What to Look Out for at London's Virtual Frieze

After announcing earlier this year that the traditional fair format would be replaced by digital viewing rooms, Frieze London is now set to open as a hybrid digital-physical event. While the main tents in Regent’s Park may be closed, galleries across the U.K. capital are hosting smaller exhibitions and a range of notable artists will be spotlighted online.

Ahead of the Frieze London’s online viewing room launch, we’ve highlighted the best events from across the city this Frieze Week.

Frieze Sculpture

Arne Quinze, Lupine Tower, 2020, Aluminium, Maruani Mercier Gallery, Frieze Sculpture 2020Courtesy Of Stephen White/Frieze

Although it usually opens during the summer, this year’s open-air and free-to-access Frieze Sculpture has been delayed. Traditionally taking place in the park surrounding the fair itself, the open-air sculpture exhibition returns to Regent’s Park — even while the Frieze and Frieze Masters tents are nowhere to be seen. The exhibit has been curated by Yorkshire Sculpture Park‘s Clare Lilley, and features work from Lubaina Himid, Richard Long and more.

Gallery Shows Across London

Installation view, Dana Schutz: Shadow of a Cloud Moving Slowly, Thomas Dane Gallery, 2020. © Dana Schutz.Courtesy: Thomas Dane Gallery. Photo: Ben Westoby

Across London, a number of galleries are opening the doors to special Frieze exhibitions. Highlights include Italian gallery Galleria Lorcan O’Neill, which is taking over a space in Mayfair for an exhibition featuring Tracey Emin, Rachel Whiteread and Richard Long; Stephen Friedman Gallery, which is celebrating its 25th anniversary with newly-commissioned works; and Thomas Dane, showcasing the work of Dana Schutz. Lisson Gallery is also opening a new space with the “Horizon” exhibit, featuring works from Ai Weiwei, Ryan Gander and more, while Carmen Herrera’s work will be shown at The Perimeter, a private exhibition space to be opened to guests.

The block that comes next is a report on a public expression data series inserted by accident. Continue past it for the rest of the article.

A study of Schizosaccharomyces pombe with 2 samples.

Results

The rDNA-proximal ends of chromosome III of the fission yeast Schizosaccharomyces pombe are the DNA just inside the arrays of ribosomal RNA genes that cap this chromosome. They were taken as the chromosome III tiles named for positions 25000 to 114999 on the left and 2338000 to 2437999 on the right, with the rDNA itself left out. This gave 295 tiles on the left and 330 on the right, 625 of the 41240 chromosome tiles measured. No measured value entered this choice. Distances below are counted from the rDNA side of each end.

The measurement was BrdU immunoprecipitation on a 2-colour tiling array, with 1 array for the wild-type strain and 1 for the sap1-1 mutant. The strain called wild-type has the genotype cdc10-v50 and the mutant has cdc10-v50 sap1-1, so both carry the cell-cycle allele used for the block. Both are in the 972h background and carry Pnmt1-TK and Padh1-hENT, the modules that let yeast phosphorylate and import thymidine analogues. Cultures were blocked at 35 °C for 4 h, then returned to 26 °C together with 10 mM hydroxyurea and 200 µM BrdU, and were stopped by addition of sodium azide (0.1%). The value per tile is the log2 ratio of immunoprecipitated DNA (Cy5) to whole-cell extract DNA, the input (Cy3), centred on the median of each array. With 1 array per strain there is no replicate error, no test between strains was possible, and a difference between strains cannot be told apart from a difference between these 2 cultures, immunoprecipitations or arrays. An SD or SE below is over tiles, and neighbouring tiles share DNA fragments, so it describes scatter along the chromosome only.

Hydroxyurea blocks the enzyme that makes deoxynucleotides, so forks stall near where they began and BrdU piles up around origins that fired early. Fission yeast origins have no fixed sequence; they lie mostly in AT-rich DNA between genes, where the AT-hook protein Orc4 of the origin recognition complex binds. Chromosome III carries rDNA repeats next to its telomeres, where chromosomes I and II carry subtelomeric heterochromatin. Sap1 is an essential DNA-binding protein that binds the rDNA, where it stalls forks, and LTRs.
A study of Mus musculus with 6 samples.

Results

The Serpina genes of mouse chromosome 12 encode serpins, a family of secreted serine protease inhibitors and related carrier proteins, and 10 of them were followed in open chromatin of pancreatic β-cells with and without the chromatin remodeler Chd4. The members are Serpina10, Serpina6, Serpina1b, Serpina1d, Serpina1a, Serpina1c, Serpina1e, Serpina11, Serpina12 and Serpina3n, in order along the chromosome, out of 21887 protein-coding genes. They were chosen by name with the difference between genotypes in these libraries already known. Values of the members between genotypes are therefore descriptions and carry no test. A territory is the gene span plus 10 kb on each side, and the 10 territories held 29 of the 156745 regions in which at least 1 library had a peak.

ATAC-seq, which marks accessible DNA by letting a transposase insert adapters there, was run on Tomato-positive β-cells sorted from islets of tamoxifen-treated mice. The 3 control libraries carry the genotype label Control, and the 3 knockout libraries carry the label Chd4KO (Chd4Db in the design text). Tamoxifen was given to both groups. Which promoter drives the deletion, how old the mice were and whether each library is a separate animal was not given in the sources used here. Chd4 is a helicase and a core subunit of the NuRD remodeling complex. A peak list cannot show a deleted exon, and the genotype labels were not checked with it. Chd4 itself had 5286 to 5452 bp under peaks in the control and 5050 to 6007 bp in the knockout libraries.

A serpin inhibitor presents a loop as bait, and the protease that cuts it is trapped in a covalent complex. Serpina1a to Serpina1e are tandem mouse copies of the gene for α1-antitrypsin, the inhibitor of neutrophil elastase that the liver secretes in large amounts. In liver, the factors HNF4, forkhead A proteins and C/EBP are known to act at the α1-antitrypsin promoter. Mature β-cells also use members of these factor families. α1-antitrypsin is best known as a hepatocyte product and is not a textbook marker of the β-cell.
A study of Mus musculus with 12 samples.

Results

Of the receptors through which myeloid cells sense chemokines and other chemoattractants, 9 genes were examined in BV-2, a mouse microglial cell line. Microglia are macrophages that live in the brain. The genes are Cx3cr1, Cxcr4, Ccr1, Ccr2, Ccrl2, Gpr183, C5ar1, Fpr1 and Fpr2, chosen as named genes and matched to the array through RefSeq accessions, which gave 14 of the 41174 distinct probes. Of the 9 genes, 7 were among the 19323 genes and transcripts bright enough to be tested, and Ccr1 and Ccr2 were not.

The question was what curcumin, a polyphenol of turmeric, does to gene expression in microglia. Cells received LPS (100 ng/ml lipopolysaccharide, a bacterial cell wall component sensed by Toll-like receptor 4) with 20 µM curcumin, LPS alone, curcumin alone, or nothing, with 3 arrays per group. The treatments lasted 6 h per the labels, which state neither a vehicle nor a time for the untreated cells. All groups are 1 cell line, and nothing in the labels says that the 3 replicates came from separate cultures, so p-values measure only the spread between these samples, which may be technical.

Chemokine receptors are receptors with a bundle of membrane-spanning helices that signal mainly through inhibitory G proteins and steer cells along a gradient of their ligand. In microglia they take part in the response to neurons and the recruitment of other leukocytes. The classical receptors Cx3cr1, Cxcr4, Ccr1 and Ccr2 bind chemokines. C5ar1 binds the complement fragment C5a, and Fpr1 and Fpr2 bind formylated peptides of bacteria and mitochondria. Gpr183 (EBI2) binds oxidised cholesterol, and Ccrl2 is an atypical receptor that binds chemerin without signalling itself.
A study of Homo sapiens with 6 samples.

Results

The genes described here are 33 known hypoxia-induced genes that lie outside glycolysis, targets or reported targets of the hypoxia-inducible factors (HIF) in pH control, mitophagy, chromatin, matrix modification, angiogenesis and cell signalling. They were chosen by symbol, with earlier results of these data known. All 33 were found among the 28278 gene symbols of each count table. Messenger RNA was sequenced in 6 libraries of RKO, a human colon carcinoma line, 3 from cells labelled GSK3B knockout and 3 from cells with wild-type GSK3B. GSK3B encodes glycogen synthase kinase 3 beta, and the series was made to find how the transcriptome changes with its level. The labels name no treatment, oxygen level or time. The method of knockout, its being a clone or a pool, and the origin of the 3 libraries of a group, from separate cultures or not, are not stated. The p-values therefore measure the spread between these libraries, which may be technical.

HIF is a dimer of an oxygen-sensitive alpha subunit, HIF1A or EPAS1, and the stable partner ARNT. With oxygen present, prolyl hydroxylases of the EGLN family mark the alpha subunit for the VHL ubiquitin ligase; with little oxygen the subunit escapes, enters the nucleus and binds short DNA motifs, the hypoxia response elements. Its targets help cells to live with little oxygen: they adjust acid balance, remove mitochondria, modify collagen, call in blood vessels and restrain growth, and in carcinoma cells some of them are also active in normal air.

Major Institutions Getting Involved

Bruce Nauman, Anthro:Socio (Rinde Spinning), 1992Tate

With Frieze Week traditionally marking one of the busiest times in London’s art calendar, a number of the city’s major institutions are also getting involved. Stand-out exhibitions include Tate Modern’s Bruce Nauman retrospective, while the Whitechapel Gallery is hosting Kai Althoff’s first institutional show in Britain and Ann Veronica Janssen is at the South London Gallery. Also keep an eye out for the Royal Academy’s recently-opened (and delayed) Summer Exhibition.

The Fund for Global Human Rights’ “Face to Face” Exhibit

Luke White, Courtesy The Fund For Global Human Rights

Taking over the King’s Cross Tunnel, The Fund for Global Human Rights has worked with curator Ekow Eshun for its new “Face to Face” exhibition. For the show, Eshun has brought together the works of social documentary and portrait photographers from across the world. All of the imagery is from emerging artists based in the regions where the Fund is active, with highlights including George Osodi’s work on the Niger Delta and Kyle Weeks‘ “Ovahimba Youth Self Portraits” series.

The Frieze Viewing Room

Marina Abramović, Holding the Lamb, 2010Courtesy Galleria Lia Rumma Milan/Naples

The stand-out feature of Frieze’s new semi-digital format gives users around the world the opportunity to see work from more than 250 galleries around the world. A series of world-leading contemporary art galleries will be featured, including Gagosian, Skarstedt and David Zwirner, as well as London-based locations such as Sadie Coles HQ, Victoria Miro and White Cube. Additionally, Frieze Masters will also go online this year.